Here is another reason why..
A temporary nationalization would have given Government way more leverage over banks to end or modify bad practices like ridiculous bonuses and pay (especially when they’re not related to performance), over-leveraging, too much focus on the short-term, constructing overly complex financial derivatives, moving too much credit off the balance sheet (with the aim of taking on more risk and undercutting Basel requirements), etc. etc.
They also could have just let the bank concentrate on what it is supposed to do, you know, providing credit to entrepreneurs and companies alike which increases the productive capacity of the economy and assessing the resultant credit risks..
Barofsky: Obama is Wrong, TARP Was a Failure
Wednesday, 30 Mar 2011 12:17 PM
By Julie Crawshaw
Neil Barofsky, who acted as special inspector general for the Troubled Asset Relief Program (TARP), says that the Obama administration’s glowing review of the program is all wrong.
“Though there is no question that the country benefited by avoiding a meltdown of the financial system, this cannot be the only yardstick by which TARP’s legacy is measured,” Barofsky writes in The New York Times.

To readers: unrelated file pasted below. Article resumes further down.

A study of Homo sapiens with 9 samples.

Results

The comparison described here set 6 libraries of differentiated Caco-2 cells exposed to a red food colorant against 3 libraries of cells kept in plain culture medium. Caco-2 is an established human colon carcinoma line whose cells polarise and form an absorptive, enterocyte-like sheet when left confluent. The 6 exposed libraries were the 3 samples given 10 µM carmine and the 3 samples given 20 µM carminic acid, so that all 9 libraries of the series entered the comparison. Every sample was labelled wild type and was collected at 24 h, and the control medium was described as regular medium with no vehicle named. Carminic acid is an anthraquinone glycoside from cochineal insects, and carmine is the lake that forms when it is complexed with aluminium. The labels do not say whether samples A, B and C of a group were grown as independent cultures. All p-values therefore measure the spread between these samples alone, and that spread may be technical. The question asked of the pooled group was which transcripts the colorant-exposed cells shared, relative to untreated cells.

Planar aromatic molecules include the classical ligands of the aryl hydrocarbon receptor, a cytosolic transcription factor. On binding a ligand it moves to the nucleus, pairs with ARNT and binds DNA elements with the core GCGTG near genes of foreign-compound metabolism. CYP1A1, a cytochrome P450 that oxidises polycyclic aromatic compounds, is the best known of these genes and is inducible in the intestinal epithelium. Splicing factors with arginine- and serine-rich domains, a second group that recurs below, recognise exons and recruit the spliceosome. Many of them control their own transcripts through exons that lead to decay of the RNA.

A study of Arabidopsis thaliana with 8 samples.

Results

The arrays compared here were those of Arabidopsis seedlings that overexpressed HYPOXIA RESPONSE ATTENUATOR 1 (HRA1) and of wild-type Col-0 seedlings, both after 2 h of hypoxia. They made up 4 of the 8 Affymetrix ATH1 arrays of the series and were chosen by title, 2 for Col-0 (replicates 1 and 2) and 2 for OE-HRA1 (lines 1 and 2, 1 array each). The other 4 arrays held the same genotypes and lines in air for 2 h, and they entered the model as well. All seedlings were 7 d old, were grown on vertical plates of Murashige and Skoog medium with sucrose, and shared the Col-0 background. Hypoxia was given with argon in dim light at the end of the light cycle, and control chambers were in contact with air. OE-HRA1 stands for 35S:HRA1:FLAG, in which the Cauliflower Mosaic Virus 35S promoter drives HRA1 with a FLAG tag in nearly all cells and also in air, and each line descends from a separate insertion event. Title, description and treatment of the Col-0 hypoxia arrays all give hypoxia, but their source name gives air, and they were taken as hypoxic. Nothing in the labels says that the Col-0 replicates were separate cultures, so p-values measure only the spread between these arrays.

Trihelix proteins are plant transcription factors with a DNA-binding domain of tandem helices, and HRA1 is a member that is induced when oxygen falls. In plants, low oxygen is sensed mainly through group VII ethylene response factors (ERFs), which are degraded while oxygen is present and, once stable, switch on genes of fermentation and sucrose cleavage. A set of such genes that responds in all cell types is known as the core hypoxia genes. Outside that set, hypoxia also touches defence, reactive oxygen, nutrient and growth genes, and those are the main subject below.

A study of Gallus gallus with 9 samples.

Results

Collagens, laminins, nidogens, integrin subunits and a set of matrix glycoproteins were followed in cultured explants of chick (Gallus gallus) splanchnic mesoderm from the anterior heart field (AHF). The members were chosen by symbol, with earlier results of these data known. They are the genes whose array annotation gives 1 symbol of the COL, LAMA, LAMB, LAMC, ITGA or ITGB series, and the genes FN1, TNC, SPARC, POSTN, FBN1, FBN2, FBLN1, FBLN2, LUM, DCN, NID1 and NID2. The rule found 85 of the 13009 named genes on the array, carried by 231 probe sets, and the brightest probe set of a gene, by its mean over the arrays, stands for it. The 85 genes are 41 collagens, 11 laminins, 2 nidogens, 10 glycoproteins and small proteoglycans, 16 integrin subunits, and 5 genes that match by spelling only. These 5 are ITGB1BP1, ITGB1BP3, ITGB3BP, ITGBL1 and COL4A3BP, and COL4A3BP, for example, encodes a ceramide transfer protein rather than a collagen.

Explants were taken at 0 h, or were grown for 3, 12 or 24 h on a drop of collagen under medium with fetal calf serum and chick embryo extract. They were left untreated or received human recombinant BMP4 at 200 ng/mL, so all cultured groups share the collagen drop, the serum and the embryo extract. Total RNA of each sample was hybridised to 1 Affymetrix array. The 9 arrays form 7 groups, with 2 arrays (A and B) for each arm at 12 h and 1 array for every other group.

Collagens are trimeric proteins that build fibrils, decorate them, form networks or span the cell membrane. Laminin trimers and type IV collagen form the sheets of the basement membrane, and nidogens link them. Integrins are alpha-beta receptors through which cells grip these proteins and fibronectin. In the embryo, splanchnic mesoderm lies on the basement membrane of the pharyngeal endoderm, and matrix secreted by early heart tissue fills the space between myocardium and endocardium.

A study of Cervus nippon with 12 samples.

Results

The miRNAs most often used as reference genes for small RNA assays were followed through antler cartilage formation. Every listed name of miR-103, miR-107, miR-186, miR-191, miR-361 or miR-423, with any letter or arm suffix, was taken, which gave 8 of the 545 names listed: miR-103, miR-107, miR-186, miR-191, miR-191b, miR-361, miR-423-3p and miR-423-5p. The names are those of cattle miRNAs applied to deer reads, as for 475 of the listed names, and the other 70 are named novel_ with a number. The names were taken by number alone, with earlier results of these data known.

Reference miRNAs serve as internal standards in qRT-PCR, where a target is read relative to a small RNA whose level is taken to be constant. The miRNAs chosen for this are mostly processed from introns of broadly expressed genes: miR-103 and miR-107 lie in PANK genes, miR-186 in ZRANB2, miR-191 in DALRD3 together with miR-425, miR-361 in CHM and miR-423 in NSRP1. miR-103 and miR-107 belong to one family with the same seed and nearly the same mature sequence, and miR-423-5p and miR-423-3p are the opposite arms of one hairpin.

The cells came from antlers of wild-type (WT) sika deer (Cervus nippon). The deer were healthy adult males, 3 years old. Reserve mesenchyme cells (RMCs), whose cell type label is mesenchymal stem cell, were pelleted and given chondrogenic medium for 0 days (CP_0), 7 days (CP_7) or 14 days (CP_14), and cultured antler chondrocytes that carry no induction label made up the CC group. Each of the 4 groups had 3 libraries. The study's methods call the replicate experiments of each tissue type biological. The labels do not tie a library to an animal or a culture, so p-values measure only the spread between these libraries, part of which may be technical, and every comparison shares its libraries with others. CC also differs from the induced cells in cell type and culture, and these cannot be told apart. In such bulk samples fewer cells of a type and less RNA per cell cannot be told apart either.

“The legislation that created TARP, the Emergency Economic Stabilization Act, had far broader goals, including protecting home values and preserving homeownership.”
Barofsky points out that such Main Street-oriented goals weren’t mere window dressing that needed only to be taken into account.
The plan, Barofsky notes, was designed to purchase mortgages, and the infusion of billions of dollars into the nation’s largest financial institutions came with the express promise that it would restore lending.
“Treasury, however, provided the money to banks with no effective policy or effort to compel the extension of credit,” Barofsky says, and without a request that banks report how they used TARP funds.
“In the final analysis,” says Barofsky, “it has been Treasury’s broken promises that have turned TARP — which was instrumental in saving the financial system at a relatively modest cost to taxpayers — into a program commonly viewed as little more than a giveaway to Wall Street executives.”
The Wall Street Journal reports that The Congressional Budget Office has lowered its estimate on the cost of the Troubled Asset Relief Program from $25 billion to $19 billion, primarily from a lower assessment of losses from assistance provided to the automotive industry.